Political journalist Gabrielle Chan swapped her Canberra parliament house press pass for a pair of muddy gumboots in 1996, when she married Harden sheep and wheat farmer, Richard.
While still writing for Guardian Australia, she’s also penned two books: Rusted Off: The Divide Between Canberra and the Neglected Class, and now, Why You Should Give a F–k About Farming.
In a quick Q and A, Gabrielle talks about the farming realities she’s witnessed and researched during her 25 years living in the area.
Rusted Off: The Divide Between Canberra and the Neglected Class, and now, Why You Should Give a F–k About Farming?
This latest book came out of my thinking on the tectonic shifts in economic, environmental and social systems that will have an effect on farming. These are trends I picked up.
The only way farmers currently get a pay rise is to make cheap food cheaper. At the same time, expectations are rising that all land managers look after the environment.
As a result of the first two trends, eaters must understand that land and food production ownership is changing away from small to mid sized family farms towards global companies and corporatised families and that will further hollow out communities.
There are no right and wrong answers here. But whatever Australia lands on, it needs more interconnected government policy to ensure land and human communities get healthier rather than sicker.
Was this title as locally-inspired as Rusted Off?
It was inspired by some of the trends I have seen in local farming but also from the trends I have seen from my rural reporting generally. That was particularly the case in the water debate and the changes I have written about along the river system and the angst in the Murray Darling system.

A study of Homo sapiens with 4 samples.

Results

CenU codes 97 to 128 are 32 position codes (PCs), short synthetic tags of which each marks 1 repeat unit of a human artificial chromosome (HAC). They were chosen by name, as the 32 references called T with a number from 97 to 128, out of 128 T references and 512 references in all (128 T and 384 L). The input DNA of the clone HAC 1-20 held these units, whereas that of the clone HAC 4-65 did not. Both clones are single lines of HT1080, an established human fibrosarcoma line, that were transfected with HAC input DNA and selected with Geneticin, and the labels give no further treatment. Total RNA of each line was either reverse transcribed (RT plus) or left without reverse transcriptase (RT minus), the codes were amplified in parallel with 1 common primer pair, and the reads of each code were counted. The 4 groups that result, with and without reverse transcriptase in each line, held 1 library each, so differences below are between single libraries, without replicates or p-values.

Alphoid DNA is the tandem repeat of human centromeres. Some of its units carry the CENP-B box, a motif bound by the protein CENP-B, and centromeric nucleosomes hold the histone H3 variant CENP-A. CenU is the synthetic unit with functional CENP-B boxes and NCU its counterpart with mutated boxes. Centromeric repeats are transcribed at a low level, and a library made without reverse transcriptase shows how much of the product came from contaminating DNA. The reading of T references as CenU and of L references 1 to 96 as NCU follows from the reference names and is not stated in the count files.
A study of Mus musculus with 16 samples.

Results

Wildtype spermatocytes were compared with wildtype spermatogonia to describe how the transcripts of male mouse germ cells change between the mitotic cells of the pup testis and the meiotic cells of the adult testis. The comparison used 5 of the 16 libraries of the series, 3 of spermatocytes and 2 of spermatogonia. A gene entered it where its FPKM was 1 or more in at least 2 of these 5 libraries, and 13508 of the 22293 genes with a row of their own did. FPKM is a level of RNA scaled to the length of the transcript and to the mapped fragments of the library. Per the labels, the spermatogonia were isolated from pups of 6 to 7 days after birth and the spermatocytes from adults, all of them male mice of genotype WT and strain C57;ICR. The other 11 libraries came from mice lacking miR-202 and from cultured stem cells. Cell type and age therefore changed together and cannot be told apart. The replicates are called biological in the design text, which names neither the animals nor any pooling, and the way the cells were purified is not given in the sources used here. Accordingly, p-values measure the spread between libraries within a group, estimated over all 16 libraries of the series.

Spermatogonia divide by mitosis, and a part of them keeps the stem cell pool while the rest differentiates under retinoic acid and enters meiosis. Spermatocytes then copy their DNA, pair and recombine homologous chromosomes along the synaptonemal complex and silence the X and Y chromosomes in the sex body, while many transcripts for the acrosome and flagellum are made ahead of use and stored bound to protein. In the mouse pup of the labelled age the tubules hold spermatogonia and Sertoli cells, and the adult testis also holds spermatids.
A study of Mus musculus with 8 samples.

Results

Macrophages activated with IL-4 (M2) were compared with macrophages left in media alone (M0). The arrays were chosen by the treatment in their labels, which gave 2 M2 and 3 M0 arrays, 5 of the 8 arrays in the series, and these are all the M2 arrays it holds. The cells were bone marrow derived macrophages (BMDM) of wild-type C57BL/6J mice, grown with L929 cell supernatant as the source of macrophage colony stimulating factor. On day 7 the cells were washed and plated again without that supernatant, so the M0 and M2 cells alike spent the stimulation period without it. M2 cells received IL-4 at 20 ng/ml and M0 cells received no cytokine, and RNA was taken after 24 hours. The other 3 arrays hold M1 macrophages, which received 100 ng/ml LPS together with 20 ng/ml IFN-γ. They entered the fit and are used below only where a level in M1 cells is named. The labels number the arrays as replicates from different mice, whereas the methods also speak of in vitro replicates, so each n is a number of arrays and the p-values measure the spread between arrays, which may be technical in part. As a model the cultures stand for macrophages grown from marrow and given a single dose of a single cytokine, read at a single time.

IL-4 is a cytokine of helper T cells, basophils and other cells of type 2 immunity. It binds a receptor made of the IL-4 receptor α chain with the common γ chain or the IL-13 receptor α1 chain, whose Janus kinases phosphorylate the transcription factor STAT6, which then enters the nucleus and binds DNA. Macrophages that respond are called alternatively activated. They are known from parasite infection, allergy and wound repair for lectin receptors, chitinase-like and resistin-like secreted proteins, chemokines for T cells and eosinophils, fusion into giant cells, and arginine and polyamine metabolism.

What responsibilities do consumers have?
I think both farmers and consumers have responsibilities to consider the broader picture.
Consumers - or eaters as I call them - who want food produced in a certain way need to think about the costs of growing food. Are they prepared to pay for the full costs of a food growing, where the farmer, the labour and the environment are adequately compensated for the true costs of the lamb or the bread?
Farmers need to bear in mind that their actions can have impacts far beyond the boundary fences. Climate change is essentially the globalisation of earth systems and so a new contract needs to be considered. If eaters, governments and private companies are prepared to pay for all the costs in producing food, the farmer might have to rethink their job description. They may no longer be just a food and fibre producer. In the future, they may be part food producer - part ranger - part energy producer.
How would you like to see a national food strategy be part of Australian government policy and acting in society?
A national food strategy would determine Australia’s food resilience into the future, taking into account increasingly hybrid threats. As we saw in 2020-21, massive bushfires were followed by floods, overlaid with a pandemic. This caused food shortages in the distribution chain. Australia is accustomed to natural disasters but work done in 2012 by public governance expert Stephen Bartos warned us the big threats will be crossing over and combining. So considering all the elements and gathering expertise from agriculture, environment, food safety, advanced manufacturing, trade and so on will be required to think through how we insure ourselves against future shocks.
Why You Should Give a F–k About Farming, by Gabrielle Chan, was released on 31 August, 2021.